Maratha Reservation: Why This SC Verdict Can Alter Political Equations In Maharashtra Ahead Of Elections
NAGPUR, Maharashtra — All eyes will be on the Supreme Court on Friday as a bench headed by the Chief Justice of India Ranjan Gogoi is set to hear a bunch of petitions against the 12-13 percent reservation granted to the dominant Maratha community in Maharashtra by the Devendra Fadnavis-led BJP government.
The Fadnavis government had granted 16% reservation to the Marathas who form more than one-third of the population of Maharashtra, a move immediately challenged by many in the Bombay High Court.
On June 27, a division bench headed by justice Ranjeet More and Bharati Dangare upheld the government’s decision but reduced the quota from 16% to 12-13% in government jobs and educational institutions run by the state.
How the demand for Maratha reservation came about?
The “upper caste” Marathas have always played a big role in politics and economy of Maharashtra. Considered descendants of Warrior King Shivaji, their caste status assertion also put them against the vocal backward and scheduled castes like Mahars.
With Maharashtra going to polls in less than four months, the fate of many politicians in the state could be decided by the Supreme Court verdict.
The Marathas have always managed to have their way through wealth, muscle power and a strong social identity. Twelve out of the 18 chief ministers of the state were Marathas. Most leading politicians from the Congress and the NCP also belong to the community. While the Shiv Sena did chose a Brahmin chief minister, Manohar Joshi, in 1995, he was replaced by Narayan Rane, a Maratha, just before the assembly elections in 1999.
Congress, NCP and even Shiv Sena had all depended on and cajoled the Marathas for political benefits. There was a break in the cycle of Maratha power after the BJP won the 2014 assembly polls and Fadnavis, a Brahmin, was made chief minister.
With the BJP promoting Fadnavis, a Brahmin from Nagpur close to the RSS, Marathas found themselves out of power for the first time. In 2016, the brutal rape and murder of a Maratha teenager by Dalit men in Kopardi triggered protests by the community. There were a series of exceptionally disciplined and well organised silent Maratha morchas. However, slowly, the demand for punishment to the Kopardi accused took a backseat and the demand for reservation in government jobs and educational institutions took center stage. The community that once mocked reservations for backward classes, declared itself backward and made a strong pitch for reservation.
After initial setbacks on the judicial front, the Fadnavis government-appointed Gaikawad commission declared the Marathas socially and economically backward and the Fadnavis government granted reservation to the community. This was upheld by the Bombay High Court on June 27. One of the two judges who pronounced the verdict in favor of this dominant community was also a Maratha.
Advocate Gunratne Sadavarte, who represented his wife Jayashri Patil against the Maratha reservation in Bombay High Court, cited this and crossing of the 50 percent limit to term the Bombay high court’s verdict as “judicial indiscipline”.
Why the Supreme Court verdict is crucial?
If the apex court puts a stay on the Bombay High Court’s verdict, which is likely, the Marathas may start a fresh round of protests. The worst case scenario could be tensions between the OBCs and Marathas.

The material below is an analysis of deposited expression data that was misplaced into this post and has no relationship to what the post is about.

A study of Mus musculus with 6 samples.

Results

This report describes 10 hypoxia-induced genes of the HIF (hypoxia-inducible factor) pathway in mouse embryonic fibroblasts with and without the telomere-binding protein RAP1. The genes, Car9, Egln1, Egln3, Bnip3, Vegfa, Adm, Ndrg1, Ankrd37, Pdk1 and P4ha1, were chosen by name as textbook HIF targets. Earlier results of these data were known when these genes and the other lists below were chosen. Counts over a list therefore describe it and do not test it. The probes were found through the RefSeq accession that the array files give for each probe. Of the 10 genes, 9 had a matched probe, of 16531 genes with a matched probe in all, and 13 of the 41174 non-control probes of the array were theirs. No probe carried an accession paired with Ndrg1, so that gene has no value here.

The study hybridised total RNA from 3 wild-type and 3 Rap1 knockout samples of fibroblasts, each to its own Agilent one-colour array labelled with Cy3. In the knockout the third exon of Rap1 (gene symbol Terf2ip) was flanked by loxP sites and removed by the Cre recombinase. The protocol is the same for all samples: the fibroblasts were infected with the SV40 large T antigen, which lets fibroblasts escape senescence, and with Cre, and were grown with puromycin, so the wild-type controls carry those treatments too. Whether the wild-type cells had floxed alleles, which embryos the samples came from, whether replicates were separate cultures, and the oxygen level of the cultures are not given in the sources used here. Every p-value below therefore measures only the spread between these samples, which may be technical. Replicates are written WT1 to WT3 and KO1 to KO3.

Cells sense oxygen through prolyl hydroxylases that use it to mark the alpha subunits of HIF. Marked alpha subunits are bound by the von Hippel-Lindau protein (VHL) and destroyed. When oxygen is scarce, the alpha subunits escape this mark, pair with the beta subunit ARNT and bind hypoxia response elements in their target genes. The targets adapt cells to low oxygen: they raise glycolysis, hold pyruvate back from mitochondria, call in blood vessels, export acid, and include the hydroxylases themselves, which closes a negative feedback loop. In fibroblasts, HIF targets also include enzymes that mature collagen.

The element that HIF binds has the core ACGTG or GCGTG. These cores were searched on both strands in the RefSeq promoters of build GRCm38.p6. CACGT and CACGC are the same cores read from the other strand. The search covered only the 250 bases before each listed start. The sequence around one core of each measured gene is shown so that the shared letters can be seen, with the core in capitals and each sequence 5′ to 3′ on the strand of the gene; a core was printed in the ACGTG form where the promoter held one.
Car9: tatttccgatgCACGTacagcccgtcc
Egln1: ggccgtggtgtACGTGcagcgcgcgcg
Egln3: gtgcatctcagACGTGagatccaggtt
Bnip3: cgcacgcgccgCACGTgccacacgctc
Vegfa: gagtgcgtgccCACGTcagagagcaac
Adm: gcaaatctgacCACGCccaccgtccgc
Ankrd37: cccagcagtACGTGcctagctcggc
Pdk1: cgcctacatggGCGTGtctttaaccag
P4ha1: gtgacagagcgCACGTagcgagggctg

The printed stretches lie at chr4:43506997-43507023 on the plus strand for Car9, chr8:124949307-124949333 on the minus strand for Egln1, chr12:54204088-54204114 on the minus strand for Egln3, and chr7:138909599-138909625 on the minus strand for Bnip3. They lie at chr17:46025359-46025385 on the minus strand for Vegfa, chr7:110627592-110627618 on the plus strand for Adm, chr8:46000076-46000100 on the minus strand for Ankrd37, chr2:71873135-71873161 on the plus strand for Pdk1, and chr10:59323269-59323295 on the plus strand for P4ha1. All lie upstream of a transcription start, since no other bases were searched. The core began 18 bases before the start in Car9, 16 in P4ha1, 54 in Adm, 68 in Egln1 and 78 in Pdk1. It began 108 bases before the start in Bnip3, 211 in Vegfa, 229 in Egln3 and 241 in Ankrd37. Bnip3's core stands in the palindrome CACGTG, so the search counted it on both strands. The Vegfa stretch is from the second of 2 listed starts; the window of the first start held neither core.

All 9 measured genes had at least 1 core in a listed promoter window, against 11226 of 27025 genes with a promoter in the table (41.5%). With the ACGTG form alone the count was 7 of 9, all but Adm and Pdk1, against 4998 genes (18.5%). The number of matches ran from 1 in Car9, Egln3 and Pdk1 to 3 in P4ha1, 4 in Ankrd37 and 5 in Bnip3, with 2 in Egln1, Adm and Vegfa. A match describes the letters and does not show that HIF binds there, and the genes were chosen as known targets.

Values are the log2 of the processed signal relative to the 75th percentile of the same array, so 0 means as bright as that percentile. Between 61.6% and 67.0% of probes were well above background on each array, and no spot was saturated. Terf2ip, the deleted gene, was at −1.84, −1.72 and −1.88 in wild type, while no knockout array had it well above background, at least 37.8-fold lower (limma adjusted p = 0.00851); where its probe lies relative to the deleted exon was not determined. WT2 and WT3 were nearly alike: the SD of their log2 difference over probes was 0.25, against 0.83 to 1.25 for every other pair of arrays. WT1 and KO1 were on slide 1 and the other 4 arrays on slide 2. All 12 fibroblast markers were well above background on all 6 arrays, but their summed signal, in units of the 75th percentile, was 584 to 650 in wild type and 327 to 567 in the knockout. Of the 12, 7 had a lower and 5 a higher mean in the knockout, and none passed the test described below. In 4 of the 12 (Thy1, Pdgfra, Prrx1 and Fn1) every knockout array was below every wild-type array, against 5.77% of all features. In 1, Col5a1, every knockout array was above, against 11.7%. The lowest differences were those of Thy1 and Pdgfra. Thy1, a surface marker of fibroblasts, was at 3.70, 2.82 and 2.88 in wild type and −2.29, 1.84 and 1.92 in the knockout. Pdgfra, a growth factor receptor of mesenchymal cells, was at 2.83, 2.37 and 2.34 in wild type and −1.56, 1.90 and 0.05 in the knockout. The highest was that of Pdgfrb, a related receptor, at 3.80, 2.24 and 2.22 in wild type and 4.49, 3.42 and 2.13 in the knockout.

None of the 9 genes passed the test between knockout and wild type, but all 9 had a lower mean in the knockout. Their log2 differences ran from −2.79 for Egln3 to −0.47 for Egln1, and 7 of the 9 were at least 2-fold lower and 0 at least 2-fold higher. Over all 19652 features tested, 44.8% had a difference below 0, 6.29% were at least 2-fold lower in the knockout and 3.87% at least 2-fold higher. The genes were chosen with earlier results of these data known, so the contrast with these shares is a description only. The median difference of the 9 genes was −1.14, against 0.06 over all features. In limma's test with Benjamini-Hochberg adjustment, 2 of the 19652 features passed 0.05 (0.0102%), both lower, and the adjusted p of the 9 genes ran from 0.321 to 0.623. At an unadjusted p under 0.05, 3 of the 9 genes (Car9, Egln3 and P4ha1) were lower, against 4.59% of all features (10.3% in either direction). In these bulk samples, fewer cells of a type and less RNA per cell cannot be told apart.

The Marathas could demand insertion in the OBC list. Balasaheb Sarate, a Maratha from Marathwada region of the state, has already filed a petition the Bombay High Court against OBC reservation. If Marathas demand insertion in the OBC category, it is likely to antagonise the Kunbi community. OBC leaders like Chhagan Bhujbal have already made clear that they won’t tolerate tinkering with the existing OBC reservation in the state.
The Kunbis are another dominant caste in the state, settled in the Vidarbha region, while Marathas are from western Maharashtra and Marathwada.
This could even trigger Bahujan versus dominant caste struggle in the state since Marathas identified themselves as non-Bahujan until recently.
The political fallout of the stay on Maratha reservation might go against the Congress-NCP as the BJP has tactically handled the Maratha anger since the very beginning.
The demand for reservation has isolated the Marathas in the state and led to a consolidation of non-Maratha OBCs. Like Uttar Pradesh, where the BJP focused on non-Yadav OBCs and non-Jatav Dalits, the saffron party has successfully stitched together a combination of non-Maratha OBCs and non-Mahar Dalits.
The BJP has swept every local body election since the Maratha protest began, whereas the Congress-NCP combine is sinking. The “secular combine” has, however, continued to stick to dominant castes like Marathas and Kunbis and isolated itself.
If there is one person who has used the Maratha reservation to the best of his advantage, it is Fadnavis. He is probably the first Brahmin chief minister under whose leadership a political party in Maharashtra is going to polls.
If the Supreme Court stays the Bombay high court verdict on Friday, Fadnavis will still be credited with doing everything he could for the reservation. If the apex court upholds the reservation, Fadnavis will take credit. Big hoardings have already been put up across the state to “thank” him for Maratha reservation.
While supporting the demand for Maratha reservation, Fadnavis never forgot to reiterate his commitment of keeping OBC reservation intact. By looking at and by providing leadership to non-dominant communities, the BJP has managed to percolate to every level of the social structure, whereas the Congress-NCP combine is sticking to the traditional formula of pleasing the Marathas and Kunbis.